Activities and Projects
The Onward Project aims to publish a photograph of every member of the NZEF who served overseas during the First World War, as a memorial to their service.
A centre for learning in Pukeahu National War Memorial Park in Buckle St, Wellington.
In Good-Bye Maoriland, author Chris Bourkes illustrates the centrality of music to New Zealand’s experience of the First World War. Published by Potton & Burton in October 2017.
A web page featuring First World War stories from the Top of the South, contributed by the community and commissioned by the Prow. New stories will be added through the commemoration.
Canterbury 100 is a collaboration co-ordinated by the region’s major cultural and heritage institutions, telling the story and experiences of Canterbury people during the First World War.
Christopher Pugsley's new book, The Camera in the Crowd, explores film's early days in New Zealand, from its introduction in the late 1800s, to the role it played in WW1.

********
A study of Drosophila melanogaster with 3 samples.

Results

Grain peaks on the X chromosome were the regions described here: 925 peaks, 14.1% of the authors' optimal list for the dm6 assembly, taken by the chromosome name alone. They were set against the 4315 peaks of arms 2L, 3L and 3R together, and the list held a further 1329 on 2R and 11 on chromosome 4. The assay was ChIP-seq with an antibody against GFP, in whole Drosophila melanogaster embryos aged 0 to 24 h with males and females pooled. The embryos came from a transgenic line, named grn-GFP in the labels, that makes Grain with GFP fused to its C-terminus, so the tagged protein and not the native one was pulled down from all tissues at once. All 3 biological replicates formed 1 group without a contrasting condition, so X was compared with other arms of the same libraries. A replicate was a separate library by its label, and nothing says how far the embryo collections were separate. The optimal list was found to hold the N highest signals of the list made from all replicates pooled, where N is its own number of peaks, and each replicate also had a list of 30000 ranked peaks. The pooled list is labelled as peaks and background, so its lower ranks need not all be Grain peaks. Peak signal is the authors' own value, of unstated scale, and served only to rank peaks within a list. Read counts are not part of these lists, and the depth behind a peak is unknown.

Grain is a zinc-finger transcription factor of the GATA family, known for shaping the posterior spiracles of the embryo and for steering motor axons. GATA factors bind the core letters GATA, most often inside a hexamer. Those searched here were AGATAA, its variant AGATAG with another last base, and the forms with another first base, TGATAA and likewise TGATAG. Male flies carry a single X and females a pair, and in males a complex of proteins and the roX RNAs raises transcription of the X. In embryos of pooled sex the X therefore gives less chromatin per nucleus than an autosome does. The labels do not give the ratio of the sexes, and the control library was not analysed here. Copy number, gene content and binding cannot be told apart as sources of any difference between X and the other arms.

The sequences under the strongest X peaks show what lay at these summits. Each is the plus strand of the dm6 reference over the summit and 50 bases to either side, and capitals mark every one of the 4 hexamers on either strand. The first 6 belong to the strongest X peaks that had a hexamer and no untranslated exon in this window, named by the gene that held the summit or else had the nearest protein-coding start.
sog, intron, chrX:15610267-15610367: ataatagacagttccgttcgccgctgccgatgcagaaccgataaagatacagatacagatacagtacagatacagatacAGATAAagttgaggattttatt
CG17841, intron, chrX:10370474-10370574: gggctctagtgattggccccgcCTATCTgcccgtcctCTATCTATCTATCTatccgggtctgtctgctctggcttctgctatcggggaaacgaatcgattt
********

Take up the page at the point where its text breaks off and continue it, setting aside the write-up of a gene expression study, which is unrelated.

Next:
Developing short publicly-accessible biographies of all South Cantabrians who served their country during the First World War, in order to record local stories and support commemorations.
The Eastern Institute of Technology and Flinders University, Australia, are researching women teachers as volunteers in Egypt and Europe and those who kept schools open at home.
New Zealand Post honours those who served in the First World War with a five-year programme of commemorative stamps and coins.
This free booklet features a heritage trail visiting 22 places that provide insight into Wellington’s participation in the war and includes a map illustrating WWI parade and procession routes.
This book records, for the first time, biographies and stories about the nurses (both registered and unregistered) and chaplains with a Nelson/Tasman connection, who served in the First World War.
Balls, Bullets and Boots explores the impact that the First World War hostilities had on New Zealand’s signature sport and its sportspeople.